This column is compiled by the Rossland Historical Museum from the pages of the Rossland Miner.
Reminder that the Museum is now open for the season!
100 Years Ago:
Around the City
Daniel Rowe, who fell down a shaft in the Centre Star, two weeks since and sustained bodily injuries, is convalescing in a satisfactory way, and will not be an inmate of the hospital, where he was taken at the time of the injury, for any great length of time.
Lyman Carter, manager of the Blue Bird , reports that the shares of the Blue Bird are now selling in Spokane for 25 cents.
Grand Ball (to be held) at the Armory, under the auspices of the Rossland City Band. Tickets $1.
Wallace, one of the largest dogs in town, was run over by an ore train and killed. Wallace was 15 years old, and with age came poor sight and deafness, and this accounts for his being run over, as he evidently did not see or hear the train that caused his death.
The Columbia River Bridge
The bridge, which will span the Columbia river, at Trail, is rapidly approaching completion. Three of the spans are in position, and the fourth will be in place in a week. Then the approaches will be made, and in two weeks the structure should be open for traffic.
In the old days, crossing the river was accomplished by a ferry (which was) a large scow attached to a cable, and when crossing, the forward end was headed up stream at an angle of about 45 degrees and the current supplied the motive power.
75 Years Ago:
Rossland Pays Homage to Their Majesties Coronation Ceremony
A Union Jack waved proudly from the roof of the festooned court house as (hundreds of) citizens stood in massed formation on the street below to pay homage to the King and Queen. …The ceremony was a deeply impressive demonstration of loyalty and fidelity to the newly crowned monarchs.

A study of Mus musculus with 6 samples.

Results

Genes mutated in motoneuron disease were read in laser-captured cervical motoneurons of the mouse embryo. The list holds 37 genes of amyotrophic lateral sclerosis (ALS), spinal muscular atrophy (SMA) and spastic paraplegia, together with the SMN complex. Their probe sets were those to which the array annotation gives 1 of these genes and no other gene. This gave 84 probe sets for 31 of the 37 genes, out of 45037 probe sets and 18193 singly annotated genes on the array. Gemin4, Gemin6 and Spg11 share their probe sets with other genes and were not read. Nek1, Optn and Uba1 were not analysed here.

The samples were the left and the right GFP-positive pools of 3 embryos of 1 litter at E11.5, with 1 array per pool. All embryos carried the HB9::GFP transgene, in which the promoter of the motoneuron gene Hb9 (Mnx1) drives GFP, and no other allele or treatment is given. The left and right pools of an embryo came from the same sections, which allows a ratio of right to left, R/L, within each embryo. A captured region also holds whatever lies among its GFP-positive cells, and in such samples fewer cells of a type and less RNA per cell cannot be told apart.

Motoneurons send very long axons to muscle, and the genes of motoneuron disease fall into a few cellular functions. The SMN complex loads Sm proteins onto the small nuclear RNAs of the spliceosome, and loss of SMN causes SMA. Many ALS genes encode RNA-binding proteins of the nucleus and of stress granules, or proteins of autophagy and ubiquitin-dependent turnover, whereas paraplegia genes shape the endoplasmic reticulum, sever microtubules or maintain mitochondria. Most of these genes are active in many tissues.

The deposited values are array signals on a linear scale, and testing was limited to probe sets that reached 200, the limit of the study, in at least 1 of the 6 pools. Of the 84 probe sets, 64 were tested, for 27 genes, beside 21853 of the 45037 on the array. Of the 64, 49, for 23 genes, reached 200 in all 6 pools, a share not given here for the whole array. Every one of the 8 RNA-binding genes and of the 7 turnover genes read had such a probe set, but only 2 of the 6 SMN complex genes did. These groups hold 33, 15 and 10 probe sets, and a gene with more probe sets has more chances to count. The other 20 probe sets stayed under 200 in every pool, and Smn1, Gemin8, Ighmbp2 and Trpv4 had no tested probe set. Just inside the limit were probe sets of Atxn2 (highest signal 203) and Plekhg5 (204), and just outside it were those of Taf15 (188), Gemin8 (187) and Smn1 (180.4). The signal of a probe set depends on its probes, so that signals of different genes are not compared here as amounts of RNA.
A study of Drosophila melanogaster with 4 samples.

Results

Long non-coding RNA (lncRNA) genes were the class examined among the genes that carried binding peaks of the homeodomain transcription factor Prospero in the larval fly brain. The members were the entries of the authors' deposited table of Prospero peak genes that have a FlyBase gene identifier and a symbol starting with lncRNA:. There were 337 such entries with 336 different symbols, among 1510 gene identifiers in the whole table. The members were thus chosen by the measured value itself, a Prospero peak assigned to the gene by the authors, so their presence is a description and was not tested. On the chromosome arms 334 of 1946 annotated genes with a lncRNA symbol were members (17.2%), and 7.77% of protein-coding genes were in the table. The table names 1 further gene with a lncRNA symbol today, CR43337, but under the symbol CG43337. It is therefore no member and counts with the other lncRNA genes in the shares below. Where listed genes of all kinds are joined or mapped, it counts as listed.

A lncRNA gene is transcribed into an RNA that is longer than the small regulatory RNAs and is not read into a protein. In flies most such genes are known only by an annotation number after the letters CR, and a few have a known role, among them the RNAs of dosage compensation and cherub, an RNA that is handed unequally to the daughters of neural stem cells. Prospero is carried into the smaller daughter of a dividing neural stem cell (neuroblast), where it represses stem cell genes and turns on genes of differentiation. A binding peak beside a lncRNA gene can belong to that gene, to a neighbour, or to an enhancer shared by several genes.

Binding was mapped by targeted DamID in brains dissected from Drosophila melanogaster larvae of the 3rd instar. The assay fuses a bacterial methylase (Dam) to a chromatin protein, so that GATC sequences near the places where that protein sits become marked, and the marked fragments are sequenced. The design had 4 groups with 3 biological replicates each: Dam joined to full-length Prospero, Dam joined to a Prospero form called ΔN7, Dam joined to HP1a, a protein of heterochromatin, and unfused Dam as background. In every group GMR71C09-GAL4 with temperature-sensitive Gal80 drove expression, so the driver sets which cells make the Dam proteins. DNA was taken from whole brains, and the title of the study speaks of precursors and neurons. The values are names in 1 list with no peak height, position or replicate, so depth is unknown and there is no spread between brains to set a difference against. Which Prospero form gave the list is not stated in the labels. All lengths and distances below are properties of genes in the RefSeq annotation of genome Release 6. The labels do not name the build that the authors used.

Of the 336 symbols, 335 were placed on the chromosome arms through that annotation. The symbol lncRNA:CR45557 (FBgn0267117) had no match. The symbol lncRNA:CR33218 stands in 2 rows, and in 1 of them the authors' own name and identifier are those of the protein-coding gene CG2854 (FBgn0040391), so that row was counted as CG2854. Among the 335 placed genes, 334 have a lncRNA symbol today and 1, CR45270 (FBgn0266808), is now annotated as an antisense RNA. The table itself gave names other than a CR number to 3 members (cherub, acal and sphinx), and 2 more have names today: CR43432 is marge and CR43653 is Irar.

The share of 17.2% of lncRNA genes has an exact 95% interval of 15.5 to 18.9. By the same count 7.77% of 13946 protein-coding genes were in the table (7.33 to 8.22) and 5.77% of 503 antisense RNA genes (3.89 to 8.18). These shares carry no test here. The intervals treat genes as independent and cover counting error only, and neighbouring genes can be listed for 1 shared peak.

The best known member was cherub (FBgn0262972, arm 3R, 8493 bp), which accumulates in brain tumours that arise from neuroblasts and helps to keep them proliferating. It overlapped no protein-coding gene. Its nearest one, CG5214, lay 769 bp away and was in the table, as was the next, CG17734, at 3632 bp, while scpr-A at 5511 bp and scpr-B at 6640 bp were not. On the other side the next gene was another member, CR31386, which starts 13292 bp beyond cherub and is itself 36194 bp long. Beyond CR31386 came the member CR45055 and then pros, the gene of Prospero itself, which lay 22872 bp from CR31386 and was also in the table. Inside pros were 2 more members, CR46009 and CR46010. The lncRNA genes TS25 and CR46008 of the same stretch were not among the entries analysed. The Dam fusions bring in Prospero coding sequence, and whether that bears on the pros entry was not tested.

Fireworks Greatest Spectacle
It was a happy thought on the part of the Coronation Celebration Committee when the idea of fireworks was acted upon.
For forty minutes the huge throng of two thousand or more persons, which encircled the ball park, watched with audible interest the bursting of the bombs, the brilliant light of the flares, the magnificent colouring of the exploded rockets, and the spectacle of the rotating wheels.
Huge Beacon Shines from Mountain Top
Rossland’s beacon, constructed by boy scouts, shone like a kingly crown from the side of Columbia Kootenay mountain as a fitting climax to celebrations.
The huge fire, considered by many to be the largest ever built by local scouts, could be seen from any part of the local district and observers stated that it was very clear from Trail. All across Canada similar beacons burned on Coronation night.
Reception for Msgr. McIntyre – Silver Jubilee of Rossland Priest’s Ordination
People from all parts of the Kootenays and every strata of life will congregate at the parish hall for a public reception.
It is of special interest for Rossland because “Father” McIntyre, as he is familiarly known… has served this community for the entire twenty-five years of his priesthood.